HOLLYWOOD, Ala. -- U.S. Sen. Jeff Sessions, R-Ala., urged the Tennessee Valley Authority on Tuesday to nearly double its nuclear power generation by finishing or building a total of four reactors at the Bellefonte Nuclear Plant site here.
"This is a fabulous technological engineering facility," Sen. Sessions said after touring the half-finished Bellefonte plant. "I am more motivated than ever to see this facility operate and am more confident than ever that it will."
The Alabama Republican, a member of the Senate Energy and Natural Resources Committee, said TVA will need what he said will be "clean and safe" power from more nuclear reactors here. Sen. Sessions urged TVA to finish the original two reactors it began building in 1974 and add the next generation of reactors on the same site.
"There is just no doubt that this will save money for the people in this region," he said.
But anti-nuclear activists question such savings.
"TVA began gutting part of the original Bellefonte plant, and the new reactors are still an unproven technology that seems to get more expensive the more it is developed," said Sara Barczak, energy director for the Southern Alliance for Clean Energy.
Sen. Sessions conceded "it is still an unknown" how much, if any, the Obama administration will push for nuclear power.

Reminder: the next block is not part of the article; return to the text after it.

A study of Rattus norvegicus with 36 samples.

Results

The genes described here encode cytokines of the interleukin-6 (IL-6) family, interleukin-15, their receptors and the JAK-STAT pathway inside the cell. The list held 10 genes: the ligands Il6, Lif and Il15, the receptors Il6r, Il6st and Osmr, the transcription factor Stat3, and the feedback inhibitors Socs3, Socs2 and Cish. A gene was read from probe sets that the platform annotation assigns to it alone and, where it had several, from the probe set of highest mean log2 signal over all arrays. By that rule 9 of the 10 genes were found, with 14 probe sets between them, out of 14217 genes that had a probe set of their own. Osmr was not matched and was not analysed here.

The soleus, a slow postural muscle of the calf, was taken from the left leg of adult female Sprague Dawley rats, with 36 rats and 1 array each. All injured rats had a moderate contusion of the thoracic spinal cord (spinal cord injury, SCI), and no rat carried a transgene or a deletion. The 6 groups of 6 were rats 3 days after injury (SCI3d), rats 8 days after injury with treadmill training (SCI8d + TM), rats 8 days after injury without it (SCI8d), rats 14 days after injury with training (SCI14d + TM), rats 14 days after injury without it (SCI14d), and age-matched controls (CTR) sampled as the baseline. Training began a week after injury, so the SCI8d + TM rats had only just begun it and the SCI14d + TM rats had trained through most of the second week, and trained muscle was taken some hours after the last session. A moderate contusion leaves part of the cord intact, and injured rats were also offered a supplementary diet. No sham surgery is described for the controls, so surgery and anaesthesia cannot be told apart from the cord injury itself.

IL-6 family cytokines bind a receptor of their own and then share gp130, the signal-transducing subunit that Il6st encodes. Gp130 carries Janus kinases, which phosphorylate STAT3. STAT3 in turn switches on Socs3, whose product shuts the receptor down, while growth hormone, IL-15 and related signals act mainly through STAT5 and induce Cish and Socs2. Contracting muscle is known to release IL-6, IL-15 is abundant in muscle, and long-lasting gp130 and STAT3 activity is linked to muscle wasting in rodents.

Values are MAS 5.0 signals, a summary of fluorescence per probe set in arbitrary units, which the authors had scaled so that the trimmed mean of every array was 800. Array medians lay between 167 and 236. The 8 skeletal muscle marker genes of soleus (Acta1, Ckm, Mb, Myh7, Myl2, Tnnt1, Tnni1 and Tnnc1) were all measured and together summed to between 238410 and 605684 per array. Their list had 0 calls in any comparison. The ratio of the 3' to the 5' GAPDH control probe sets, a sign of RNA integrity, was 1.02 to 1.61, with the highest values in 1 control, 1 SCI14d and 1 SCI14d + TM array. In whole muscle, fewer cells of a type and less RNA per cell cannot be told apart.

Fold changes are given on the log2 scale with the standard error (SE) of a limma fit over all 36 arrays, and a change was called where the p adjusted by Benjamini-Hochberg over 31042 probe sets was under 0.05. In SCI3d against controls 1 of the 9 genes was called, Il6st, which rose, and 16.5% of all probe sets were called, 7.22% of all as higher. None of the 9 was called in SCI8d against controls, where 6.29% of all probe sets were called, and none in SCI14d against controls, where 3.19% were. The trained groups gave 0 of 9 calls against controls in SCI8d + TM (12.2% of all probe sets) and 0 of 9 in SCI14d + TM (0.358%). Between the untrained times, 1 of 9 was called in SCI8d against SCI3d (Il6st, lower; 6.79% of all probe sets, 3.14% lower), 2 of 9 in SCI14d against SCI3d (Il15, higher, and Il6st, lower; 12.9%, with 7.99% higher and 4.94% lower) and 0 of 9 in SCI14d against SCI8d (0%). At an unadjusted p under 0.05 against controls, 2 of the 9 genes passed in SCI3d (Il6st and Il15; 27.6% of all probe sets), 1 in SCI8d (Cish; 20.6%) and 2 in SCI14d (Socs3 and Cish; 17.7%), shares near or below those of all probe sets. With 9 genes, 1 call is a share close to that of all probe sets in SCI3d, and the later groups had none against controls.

The president will appoint members to both the TVA board and the Nuclear Regulatory Commission this year, and those panels could shape how much investment in nuclear power is made in the Tennessee Valley. The Obama administration has balked at rapid deployment of nuclear reprocessing facilities and raised more questions about licensing the Yucca Mountain nuclear storage plant.
"Those two decisions were not good," Sen. Sessions said. "There is a great deal of fear among those who may invest five or six billion dollars in a new nuclear plant that they don't get caught in a regulatory nightmare."
NRC Commissioner Kristine Svinicki said federal regulators have tried to be more responsive in the past decade to those the NRC regulates. She said she was impressed by TVA's "very deliberate manner in which they are looking at every component" of those plants it is reviving and finishing. TVA now operates six reactors and plans to finish another reactor in Tennessee by 2012.
TVA suspended construction at the original twin-reactor complex here in 1988 when the growth in power demand slowed and plant building costs soared. In 2006, TVA ultimately scrapped plans to ever finish the original reactors in favor of building a new simpler and less costly reactor design from Westinghouse Corp. known as the AP-1000.